Utah Sen. Mitt Romney is calling for the creation of a new oversight committee to expand the efforts Congress made to go after the fraudulent use of federal COVID-19 funds.

Romney, a Republican, and Michigan Sen. Gary Peters, a Democrat and the chairman of the Senate Homeland Security and Governmental Affairs Committee, have introduced bipartisan legislation creating a new Government Spending Oversight Committee.

The new committee is seen as a successor to the Pandemic Response Accountability Committee responsible for overseeing some $5 trillion in pandemic-related programs and spending that’s set to be terminated next year. Known as PRAC, the committee established in 2020 is credited with helping to uncover an estimated $1.95 billion to date in fraud losses.


The Utah senator said his bill would allow the new committee “to continue its oversight of pandemic-related funds, while also expanding its scope to encompass additional federal spending, including Small Business Administration loans, unemployment insurance, and some of the largest spending programs enacted last Congress.”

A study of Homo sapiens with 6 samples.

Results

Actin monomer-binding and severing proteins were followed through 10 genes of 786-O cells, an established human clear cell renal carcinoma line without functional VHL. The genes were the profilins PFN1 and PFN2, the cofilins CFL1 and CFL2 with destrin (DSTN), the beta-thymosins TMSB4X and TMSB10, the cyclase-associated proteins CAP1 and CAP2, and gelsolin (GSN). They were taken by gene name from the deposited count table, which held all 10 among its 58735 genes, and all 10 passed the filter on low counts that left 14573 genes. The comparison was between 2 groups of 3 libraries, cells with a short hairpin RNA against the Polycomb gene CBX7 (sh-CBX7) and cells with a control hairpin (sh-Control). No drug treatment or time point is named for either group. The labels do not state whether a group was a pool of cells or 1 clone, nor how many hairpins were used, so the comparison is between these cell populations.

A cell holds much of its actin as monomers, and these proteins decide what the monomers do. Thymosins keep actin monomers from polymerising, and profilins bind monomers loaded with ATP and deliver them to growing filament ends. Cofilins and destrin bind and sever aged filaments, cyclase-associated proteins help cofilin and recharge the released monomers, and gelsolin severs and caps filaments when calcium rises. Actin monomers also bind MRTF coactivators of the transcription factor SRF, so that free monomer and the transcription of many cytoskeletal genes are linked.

The new committee would benefit from extending the analytics capabilities used to uncover pandemic fraud, including through data analytic tools, enhanced data-sharing, and improved data management practices utilized by inspectors general to support investigations, reviews and audits of federal funds.

“It’s our duty to ensure government is working efficiently and effectively for the American people,” Peters said of the bill. “One of the simplest ways to do that is to ensure taxpayer money is going to good use. My new bipartisan bill will provide critical tools to identify and prevent fraud in federal government spending.”


Horowitz said the bill is a “good government initiative that will improve the integrity of federal programs, and protect taxpayer dollars from waste, fraud, and abuse.”

Another official, Gene Dodar, comptroller general of the U.S. Government Accountability Office, said the bill “incorporates one of GAO’s recommendations to help the federal government better combat fraud, waste, and abuse in its programs and spending. It is a step in the right direction in enhancing the accountability and transparency over federal funds on behalf of the American people.”